DUBAI, Sept. 15 (Xinhua) -- The oil-rich Gulf countries are mostly advanced in using big data solutions and cloud computing but more awareness is needed to unlock the technology's true potential, industry experts told Xinhua.
Once regarded as a desert in state-of-the-art information technology, the Gulf Arab region is moving rapidly into the new world of big data.
Speaking at a conference last Tuesday in Dubai, Patricia Florissi, vice president of U.S. computer storage giant EMC Corporation said as companies in the Gulf countries mushroomed, demand for big data storage solutions soared in recent years.
Cloud computing, an outsourced data service, is used by many entities to avoid the expensive use and management of hard and softer ware at their own premises.
According to U.S. research firm Frost & Sullivan, the market for data centers in the Gulf region generated revenues of 231.7 million U.S. dollars in 2012 and the number is poised to hit 706.3 million U. S. dollars by 2018.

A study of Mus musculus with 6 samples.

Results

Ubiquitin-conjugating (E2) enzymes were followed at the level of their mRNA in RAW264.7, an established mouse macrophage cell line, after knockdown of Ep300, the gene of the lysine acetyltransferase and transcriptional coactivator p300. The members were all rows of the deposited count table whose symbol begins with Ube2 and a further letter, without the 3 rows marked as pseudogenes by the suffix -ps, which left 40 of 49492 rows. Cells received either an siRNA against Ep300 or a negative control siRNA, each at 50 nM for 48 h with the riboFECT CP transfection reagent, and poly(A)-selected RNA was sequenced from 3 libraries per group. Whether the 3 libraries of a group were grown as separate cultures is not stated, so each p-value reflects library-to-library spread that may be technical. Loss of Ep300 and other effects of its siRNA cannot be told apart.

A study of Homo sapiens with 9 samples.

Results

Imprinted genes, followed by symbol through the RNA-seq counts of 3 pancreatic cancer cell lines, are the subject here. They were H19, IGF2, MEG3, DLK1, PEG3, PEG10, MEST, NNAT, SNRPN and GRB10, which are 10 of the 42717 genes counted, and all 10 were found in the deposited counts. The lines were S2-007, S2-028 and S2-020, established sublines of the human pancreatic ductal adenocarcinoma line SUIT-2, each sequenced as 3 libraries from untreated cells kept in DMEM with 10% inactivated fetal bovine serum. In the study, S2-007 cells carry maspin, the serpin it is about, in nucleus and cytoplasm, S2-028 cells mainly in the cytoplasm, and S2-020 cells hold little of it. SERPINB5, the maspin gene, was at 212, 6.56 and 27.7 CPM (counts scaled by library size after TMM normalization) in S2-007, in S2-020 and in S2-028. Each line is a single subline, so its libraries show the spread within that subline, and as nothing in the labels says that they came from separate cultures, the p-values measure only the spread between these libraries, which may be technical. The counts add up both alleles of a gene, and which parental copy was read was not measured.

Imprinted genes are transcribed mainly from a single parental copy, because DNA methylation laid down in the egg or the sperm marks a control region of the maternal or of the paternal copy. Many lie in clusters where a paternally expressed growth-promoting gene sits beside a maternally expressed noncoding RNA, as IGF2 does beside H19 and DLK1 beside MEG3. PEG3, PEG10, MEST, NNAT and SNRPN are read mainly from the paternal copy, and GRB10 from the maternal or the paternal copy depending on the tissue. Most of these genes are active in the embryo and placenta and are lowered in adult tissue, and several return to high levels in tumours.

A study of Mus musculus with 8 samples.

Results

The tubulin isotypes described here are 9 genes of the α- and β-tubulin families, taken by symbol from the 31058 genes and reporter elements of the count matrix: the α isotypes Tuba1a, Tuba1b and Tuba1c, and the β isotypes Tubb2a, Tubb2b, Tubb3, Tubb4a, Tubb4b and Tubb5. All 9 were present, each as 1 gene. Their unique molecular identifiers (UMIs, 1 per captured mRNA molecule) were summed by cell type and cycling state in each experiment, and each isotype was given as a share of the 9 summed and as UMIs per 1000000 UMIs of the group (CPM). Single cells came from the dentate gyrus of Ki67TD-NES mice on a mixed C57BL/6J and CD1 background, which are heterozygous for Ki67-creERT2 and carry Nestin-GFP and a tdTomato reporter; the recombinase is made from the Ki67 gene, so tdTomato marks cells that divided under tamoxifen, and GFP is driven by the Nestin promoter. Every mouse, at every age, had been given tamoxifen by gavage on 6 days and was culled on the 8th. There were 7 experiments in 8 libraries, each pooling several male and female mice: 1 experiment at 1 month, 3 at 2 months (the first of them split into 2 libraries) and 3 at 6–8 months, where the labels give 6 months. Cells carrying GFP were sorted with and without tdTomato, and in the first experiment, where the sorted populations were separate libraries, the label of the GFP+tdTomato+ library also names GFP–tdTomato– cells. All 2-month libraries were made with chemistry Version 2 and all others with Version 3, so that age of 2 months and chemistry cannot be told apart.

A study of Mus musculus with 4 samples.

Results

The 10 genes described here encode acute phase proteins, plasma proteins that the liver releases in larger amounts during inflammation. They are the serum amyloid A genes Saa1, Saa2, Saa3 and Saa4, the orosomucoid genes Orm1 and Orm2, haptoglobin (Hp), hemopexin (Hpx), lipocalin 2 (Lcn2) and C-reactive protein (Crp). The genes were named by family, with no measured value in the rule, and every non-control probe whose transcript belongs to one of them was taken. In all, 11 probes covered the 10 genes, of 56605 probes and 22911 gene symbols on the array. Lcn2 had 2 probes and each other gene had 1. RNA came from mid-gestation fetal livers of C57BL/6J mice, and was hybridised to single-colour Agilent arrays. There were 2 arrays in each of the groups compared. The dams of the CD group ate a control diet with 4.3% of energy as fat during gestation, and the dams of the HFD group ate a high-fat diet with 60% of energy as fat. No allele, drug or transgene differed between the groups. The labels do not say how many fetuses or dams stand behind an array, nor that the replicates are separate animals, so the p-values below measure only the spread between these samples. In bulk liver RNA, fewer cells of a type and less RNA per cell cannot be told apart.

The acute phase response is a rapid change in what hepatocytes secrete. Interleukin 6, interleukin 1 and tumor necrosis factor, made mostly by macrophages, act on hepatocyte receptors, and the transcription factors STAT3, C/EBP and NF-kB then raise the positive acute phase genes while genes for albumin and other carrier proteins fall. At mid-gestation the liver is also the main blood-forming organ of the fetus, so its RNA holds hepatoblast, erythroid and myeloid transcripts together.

Gautam Jain, a senior official at British bank Standard Chartered that has ample presence here, said his bank started to use cloud computing based on Oracle software, adding "more awareness has to be promoted among market participants and customers that cloud computing is not insecure, but efficient and cost-effective."
According Vinod Viswanath, head of cloud services at Dubai- based CEM Business Solutions, said cloud computing was not only for big entities but also for small and medium enterprises (SME). "An outsourced storage solution ... can save a Dubai-based SME trading firm up to 200,000 U.S. dollars per year. It reduces IT vulnerability and can save one full-time employee."
He said Dubai, home to tens of thousands of trading firms, is at the forefront of Arab cloud computing. His company CEM is based in Dubai Internet City, the Middle East's biggest free zone for IT firms where blue chips like Microsoft, HP and Huawei run their Middle East headquarters.
While EMC's market share in the Untied Arab Emirate grew from 37.7 percent in 2010 to 42.5 percent in 2012, other market participants such as China's Huawei and United States' Dell have also entered the Gulf region by offering cloud solutions and external data storage services.
According to an EMC survey conducted in the Middle East, 87 percent of IT decision makers regard big data solutions as a tool to make better decisions, 45 percent regard it as essential to stay competitive.
Florissi said EMC's development in the Gulf region was just at the beginning, adding economic growth in the oil-rich Gulf region "will lead to more workloads and this will drive storage innovation."